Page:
A modern ballet programme entitled Mad Dance! – Yet There Is Method In It is the first production in the 2015/16 season of the Hungarian National Ballet at the Erkel Theatre. The programme features four pieces: Petite mort, Six Dances and Troy Game (all which have premiered in the past two years) as well as Johan Inger's extraordinary choreography, Walking Mad, which is put on stage in Hungary for the first time.
Johan Inger, the former artistic director of the Cullberg Ballet and one-time director of the Swedish Royal Ballet and the Netherlands Dance Theatre first debuted as a choreographer 20 years ago at the instigation of the influential Jiří Kylián. His first attempt (Mellantid) was an immediate success and was followed by numerous other choreographies, including Walking Mad, conceived for the stage with nine dancers moving to the music of Ravel’s Bolero. The piece reflects the Socratic principle that “the greatest blessings find us in the face of madness”. For his breathtaking dance, Johan Inger won both the Lucas Hoving Prize for best production and the Danza & Danza Prize in the same year.
“The famous Bolero by Ravel with its sexual, almost kitsch history was the trigger for me to make my own version. I quickly decided that it was going to be about relationships in different forms and circumstances. I came up with the idea of a wall that could transform the space during this minimalistic music and create small pockets of space and situations. Walking Mad is a journey in which we encounter our fears, our longings and the lightness of being,” said the work’s creator.
The playbill features three popular modern choreographies besides Walking Mad.
Troy Game is a choreography by Robert North that combines the everyday routine of dancers with movements inspired by martial arts such as the Japanese aikido or the Brazilian capoeira while a strong European root connects these influences: ancient Greek war games. The music comprises batucada, a street version of samba played on percussion instruments, which played a vital role in composing the movements, and an original piece by Bob Downes, an influential artist of avant-garde jazz. The costumes were designed by Peter Farmer, well known for his work with most of the major ballet companies of the world.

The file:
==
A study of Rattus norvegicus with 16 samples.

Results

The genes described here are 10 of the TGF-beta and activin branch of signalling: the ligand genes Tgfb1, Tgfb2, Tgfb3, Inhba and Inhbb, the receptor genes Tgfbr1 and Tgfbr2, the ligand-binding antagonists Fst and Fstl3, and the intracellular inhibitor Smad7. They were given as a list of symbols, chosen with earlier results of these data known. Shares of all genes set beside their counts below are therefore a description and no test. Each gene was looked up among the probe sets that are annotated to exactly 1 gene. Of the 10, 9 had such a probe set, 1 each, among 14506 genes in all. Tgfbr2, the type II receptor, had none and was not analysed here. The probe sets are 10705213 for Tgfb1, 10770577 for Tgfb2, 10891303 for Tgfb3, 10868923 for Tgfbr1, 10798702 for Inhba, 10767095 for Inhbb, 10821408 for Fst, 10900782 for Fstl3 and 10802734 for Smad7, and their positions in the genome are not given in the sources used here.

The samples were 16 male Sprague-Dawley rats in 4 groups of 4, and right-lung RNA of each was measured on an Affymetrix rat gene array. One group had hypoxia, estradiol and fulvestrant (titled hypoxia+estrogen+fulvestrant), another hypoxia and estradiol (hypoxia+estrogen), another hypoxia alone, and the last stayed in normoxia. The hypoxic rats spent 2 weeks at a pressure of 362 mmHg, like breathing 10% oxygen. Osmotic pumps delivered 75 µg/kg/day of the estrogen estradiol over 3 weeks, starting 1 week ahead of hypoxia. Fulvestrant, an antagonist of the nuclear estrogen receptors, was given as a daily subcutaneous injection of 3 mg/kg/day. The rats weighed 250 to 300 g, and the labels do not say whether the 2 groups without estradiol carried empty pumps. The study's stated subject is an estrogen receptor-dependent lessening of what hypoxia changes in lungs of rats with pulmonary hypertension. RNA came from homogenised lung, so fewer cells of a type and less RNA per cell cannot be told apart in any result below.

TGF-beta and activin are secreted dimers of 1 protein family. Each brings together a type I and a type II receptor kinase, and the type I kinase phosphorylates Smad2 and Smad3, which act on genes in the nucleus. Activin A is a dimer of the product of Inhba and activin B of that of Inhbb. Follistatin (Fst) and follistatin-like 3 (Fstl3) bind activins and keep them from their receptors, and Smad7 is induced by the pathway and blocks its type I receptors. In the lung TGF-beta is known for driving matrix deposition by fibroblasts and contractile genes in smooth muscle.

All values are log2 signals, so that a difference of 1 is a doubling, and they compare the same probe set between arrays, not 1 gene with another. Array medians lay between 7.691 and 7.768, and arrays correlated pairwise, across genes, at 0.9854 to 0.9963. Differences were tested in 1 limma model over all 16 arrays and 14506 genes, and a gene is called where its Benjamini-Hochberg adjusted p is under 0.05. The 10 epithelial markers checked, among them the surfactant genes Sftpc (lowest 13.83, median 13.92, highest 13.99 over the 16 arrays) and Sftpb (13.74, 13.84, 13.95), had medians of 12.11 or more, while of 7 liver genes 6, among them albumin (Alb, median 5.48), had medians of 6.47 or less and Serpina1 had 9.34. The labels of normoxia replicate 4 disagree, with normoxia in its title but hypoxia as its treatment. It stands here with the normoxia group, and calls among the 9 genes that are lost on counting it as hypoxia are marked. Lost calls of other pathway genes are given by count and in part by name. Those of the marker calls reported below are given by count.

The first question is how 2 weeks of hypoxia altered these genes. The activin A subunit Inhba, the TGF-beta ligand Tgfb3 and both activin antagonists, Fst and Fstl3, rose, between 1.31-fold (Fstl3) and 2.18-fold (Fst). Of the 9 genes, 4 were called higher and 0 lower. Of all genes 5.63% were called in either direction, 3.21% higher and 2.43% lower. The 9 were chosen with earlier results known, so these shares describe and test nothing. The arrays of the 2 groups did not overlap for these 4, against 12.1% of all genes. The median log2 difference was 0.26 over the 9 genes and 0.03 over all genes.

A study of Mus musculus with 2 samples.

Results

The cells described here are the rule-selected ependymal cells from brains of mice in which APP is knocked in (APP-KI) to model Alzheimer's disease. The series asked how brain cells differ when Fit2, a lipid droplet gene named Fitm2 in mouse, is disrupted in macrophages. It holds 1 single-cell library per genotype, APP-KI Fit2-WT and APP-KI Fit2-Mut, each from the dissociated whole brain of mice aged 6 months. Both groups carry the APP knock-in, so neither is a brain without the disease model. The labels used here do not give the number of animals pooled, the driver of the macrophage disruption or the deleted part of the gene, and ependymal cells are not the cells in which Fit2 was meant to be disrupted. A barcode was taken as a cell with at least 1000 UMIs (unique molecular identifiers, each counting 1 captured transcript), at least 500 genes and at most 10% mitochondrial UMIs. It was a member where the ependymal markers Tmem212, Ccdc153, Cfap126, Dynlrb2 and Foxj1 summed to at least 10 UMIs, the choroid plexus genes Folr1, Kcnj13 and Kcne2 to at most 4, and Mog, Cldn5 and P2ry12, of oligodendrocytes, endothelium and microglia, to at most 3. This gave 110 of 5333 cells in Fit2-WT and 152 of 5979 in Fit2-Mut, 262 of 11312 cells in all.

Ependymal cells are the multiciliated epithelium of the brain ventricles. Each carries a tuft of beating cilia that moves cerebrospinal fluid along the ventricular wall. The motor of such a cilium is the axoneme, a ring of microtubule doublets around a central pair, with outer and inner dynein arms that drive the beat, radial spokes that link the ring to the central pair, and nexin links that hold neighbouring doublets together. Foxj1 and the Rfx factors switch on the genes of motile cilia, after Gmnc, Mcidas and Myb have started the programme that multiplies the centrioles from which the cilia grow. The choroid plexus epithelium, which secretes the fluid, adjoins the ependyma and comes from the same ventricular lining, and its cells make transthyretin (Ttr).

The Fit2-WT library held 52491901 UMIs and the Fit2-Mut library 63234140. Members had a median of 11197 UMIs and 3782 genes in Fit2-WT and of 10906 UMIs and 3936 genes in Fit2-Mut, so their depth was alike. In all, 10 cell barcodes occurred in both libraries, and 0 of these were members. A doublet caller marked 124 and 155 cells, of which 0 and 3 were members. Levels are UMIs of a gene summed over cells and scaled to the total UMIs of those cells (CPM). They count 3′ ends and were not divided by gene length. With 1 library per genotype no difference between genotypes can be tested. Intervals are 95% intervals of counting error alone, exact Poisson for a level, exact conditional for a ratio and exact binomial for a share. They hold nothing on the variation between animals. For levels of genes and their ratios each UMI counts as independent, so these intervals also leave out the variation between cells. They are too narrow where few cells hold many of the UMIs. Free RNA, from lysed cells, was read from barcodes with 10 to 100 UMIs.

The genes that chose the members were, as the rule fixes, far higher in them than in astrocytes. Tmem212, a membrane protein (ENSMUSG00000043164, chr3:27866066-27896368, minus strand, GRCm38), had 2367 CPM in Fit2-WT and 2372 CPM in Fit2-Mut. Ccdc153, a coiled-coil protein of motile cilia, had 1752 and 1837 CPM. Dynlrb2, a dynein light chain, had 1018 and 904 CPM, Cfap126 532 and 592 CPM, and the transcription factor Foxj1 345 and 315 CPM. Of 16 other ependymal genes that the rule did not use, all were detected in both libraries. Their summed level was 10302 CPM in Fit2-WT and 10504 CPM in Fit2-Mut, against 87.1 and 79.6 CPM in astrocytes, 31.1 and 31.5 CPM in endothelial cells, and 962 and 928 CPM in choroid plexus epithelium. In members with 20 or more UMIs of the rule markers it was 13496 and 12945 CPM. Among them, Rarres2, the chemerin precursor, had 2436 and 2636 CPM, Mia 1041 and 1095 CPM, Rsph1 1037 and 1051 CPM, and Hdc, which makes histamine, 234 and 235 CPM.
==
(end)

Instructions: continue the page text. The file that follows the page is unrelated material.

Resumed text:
Petite Mort by Jiří Kylián was produced especially for the Salzburg Festival in 1991, for the 200th anniversary Mozart’s death. This dance piece with a unique atmosphere features six female and six male dancers who dance to the most beautiful excerpts taken from the composer’s piano concertos. Six swords also appear in this performance. They act like real partners to the dancers creating more unusual, unbridled and extraordinary situations than real flesh and blood dancers. A bold spectacle, great dance roles and a sophisticated style characterise this ballet from a mature era of the choreographer.
In Six Dances Kylián transforms the Mozartian playfulness and absurd reality into the language of movements. He did not want to tell a story, instead, he based his piece on the definition of the word ‘burlesque’ that features unrealistic heroes in surreal situations. This piece does not lack impish elements, either: the lively scenes are witty caricatures of the eternal male-female relationships. The eight dancers seem at first to be stepping out of a museum of waxworks from the time of Mozart, but the innovative and fresh choreography with its overwhelming dynamism make these heroes more modern, out of time, general characters of Kylian’s absurd creative world.
Watch the footage from the rehearsal of Walking Mad HERE.
For further information on the production Mad Dance! – Yet There Is Method In It CLICK HERE.